Today, June 24th, 2019, our website and control panel become unavailable for approximately ~1h45m intermittently. This caused some unwanted behavior and limited access to various parts of the world due to our hosting and CDN providers being affected by this issue.
Our main website infrastructure operates off of Amazon’s Web Services (or AWS for short), as well as is operating behind Cloudflare to minimize the amount of data necessary to load the control panel / speed it up in regions where we do not operate a Point of Presence (PoP).
Unfortunately, this issue arose due to a BGP (Border Gateway Protocol; what powers the backbones of the Internet) leak, improperly routing traffic to other destinations or upstream(s). According to various other network administrators, this appears to have been a leak caused by a customer of Verizon’s using the Noction BGP optimization platform improperly. BGP is, unfortunately, by default an unauthenticated protocol and there are actions being taken to begin improvement of this in order to isolate BGP leaks or eliminate them entirely.
Noction’s platform works in a way to allow their customers to route smaller, specific IP prefixes over preferred routes (shorter and lower latency, for example). To provide an example: 18.104.22.168 - 22.214.171.124 is 126.96.36.199/21; if their platform detected 188.8.131.52 - 184.108.40.206 (220.127.116.11/24) had lower latency over a specific route, their platform would tell the customer’s equipment to (in most cases, internally only) to route traffic outbound over the new preferred route. In this case, the traffic was not routed internally only and caused an outage on a much larger, global scale due to, what appears to have been, a misconfiguration of the Noction platform.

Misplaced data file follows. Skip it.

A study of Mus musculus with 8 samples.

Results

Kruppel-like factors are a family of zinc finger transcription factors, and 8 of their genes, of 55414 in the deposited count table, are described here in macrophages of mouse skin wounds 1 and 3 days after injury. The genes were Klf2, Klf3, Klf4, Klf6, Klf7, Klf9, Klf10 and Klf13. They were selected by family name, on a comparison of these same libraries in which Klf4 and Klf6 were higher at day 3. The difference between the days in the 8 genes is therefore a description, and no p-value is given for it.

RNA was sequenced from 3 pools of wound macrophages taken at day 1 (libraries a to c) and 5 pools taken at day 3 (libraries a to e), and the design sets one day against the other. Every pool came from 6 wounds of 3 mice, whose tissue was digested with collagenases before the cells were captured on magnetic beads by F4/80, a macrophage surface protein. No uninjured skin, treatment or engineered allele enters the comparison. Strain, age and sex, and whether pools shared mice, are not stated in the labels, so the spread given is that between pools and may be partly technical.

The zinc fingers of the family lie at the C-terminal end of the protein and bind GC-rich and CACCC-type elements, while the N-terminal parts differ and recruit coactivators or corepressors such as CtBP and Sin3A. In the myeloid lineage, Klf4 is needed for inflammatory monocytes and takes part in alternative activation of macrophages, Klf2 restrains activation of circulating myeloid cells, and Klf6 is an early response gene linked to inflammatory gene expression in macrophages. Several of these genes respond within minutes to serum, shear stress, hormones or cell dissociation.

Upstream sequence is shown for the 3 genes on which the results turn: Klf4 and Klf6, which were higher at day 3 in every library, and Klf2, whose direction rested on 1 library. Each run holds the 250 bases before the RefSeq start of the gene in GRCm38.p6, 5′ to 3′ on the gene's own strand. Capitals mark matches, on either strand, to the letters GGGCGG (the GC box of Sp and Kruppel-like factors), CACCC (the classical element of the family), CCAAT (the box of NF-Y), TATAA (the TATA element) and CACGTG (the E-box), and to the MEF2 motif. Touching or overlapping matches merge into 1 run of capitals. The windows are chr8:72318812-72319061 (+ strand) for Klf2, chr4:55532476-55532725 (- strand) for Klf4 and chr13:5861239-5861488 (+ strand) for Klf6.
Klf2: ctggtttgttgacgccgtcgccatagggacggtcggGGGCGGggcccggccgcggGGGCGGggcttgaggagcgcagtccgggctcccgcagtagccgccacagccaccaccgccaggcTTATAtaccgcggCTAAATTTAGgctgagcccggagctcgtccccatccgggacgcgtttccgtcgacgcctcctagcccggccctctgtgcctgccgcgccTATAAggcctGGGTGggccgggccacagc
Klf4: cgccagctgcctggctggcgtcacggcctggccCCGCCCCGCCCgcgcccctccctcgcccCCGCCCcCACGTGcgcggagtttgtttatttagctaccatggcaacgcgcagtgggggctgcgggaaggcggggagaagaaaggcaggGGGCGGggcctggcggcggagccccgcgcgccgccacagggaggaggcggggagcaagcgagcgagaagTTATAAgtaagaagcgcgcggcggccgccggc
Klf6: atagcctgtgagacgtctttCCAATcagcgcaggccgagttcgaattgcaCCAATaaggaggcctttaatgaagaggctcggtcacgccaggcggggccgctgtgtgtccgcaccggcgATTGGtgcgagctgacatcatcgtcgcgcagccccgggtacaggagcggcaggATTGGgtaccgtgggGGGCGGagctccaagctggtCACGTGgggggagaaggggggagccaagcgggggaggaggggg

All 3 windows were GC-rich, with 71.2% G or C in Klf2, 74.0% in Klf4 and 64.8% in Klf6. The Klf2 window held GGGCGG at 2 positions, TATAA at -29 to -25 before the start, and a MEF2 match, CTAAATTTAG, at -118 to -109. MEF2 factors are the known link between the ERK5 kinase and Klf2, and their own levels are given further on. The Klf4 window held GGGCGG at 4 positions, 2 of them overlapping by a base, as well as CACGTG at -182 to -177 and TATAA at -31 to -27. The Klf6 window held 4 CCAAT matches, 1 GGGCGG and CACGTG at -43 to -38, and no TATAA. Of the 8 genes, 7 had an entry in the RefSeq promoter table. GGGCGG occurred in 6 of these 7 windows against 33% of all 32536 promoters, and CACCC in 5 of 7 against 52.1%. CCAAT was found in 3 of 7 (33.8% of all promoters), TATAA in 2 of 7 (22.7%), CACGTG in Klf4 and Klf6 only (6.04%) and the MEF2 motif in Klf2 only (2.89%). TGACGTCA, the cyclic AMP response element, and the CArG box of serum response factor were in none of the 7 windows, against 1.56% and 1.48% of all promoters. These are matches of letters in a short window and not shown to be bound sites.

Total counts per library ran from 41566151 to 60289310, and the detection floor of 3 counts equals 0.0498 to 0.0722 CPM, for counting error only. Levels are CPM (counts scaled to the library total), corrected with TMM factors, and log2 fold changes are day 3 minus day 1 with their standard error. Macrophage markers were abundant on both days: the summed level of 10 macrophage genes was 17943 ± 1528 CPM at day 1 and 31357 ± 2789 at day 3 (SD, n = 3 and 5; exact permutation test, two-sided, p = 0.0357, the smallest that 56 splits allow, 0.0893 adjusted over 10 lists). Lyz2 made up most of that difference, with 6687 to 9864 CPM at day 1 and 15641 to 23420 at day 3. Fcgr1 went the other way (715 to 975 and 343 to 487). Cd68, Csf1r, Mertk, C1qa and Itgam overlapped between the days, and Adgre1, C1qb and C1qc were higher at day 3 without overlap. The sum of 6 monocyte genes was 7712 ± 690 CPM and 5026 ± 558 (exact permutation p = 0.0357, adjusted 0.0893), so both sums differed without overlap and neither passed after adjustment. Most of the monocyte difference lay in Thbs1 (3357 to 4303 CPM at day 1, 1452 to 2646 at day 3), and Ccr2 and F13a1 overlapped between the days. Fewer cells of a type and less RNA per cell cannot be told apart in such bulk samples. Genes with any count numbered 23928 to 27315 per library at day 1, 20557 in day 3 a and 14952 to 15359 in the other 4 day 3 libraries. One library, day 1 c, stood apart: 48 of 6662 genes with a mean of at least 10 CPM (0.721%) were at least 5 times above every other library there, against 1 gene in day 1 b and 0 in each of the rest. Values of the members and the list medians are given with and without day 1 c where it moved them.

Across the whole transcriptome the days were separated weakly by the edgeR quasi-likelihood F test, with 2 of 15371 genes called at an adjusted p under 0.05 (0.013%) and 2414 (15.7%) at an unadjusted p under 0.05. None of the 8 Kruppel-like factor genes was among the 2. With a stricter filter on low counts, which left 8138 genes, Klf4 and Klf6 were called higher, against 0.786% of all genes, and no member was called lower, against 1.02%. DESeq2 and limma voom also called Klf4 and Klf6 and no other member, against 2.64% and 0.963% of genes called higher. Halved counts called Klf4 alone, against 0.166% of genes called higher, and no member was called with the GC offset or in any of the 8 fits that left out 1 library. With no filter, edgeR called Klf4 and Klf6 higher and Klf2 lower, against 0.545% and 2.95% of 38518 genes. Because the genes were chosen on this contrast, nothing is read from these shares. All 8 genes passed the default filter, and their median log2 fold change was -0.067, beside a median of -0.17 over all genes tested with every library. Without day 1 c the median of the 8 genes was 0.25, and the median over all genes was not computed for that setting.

Fortunately, our Minecraft hosting platform for all of our US locations would not have been affected by this, however, it’s definitely possible that our Canada, Europe, Singapore, or Australia locations would have been affected. In the US, we ensure to announce the most specific prefix allowed (/24, or 255 IPs) with our own IP address space for this and portability reasons between datacenters based on the needs of each datacenter.
In this case, it’s unfortunately up to the responsible party to resolve this matter. In this case, Cloudflare attempted to work with the appropriate parties and, from the looks of it, resolved the matter successfully. The incident lasted up to 1 hour and 45 minutes long and was out of our control. It affected internet giants Cloudflare and AWS, as well as common day to day services like Discord, as BGP is the backbone of the internet.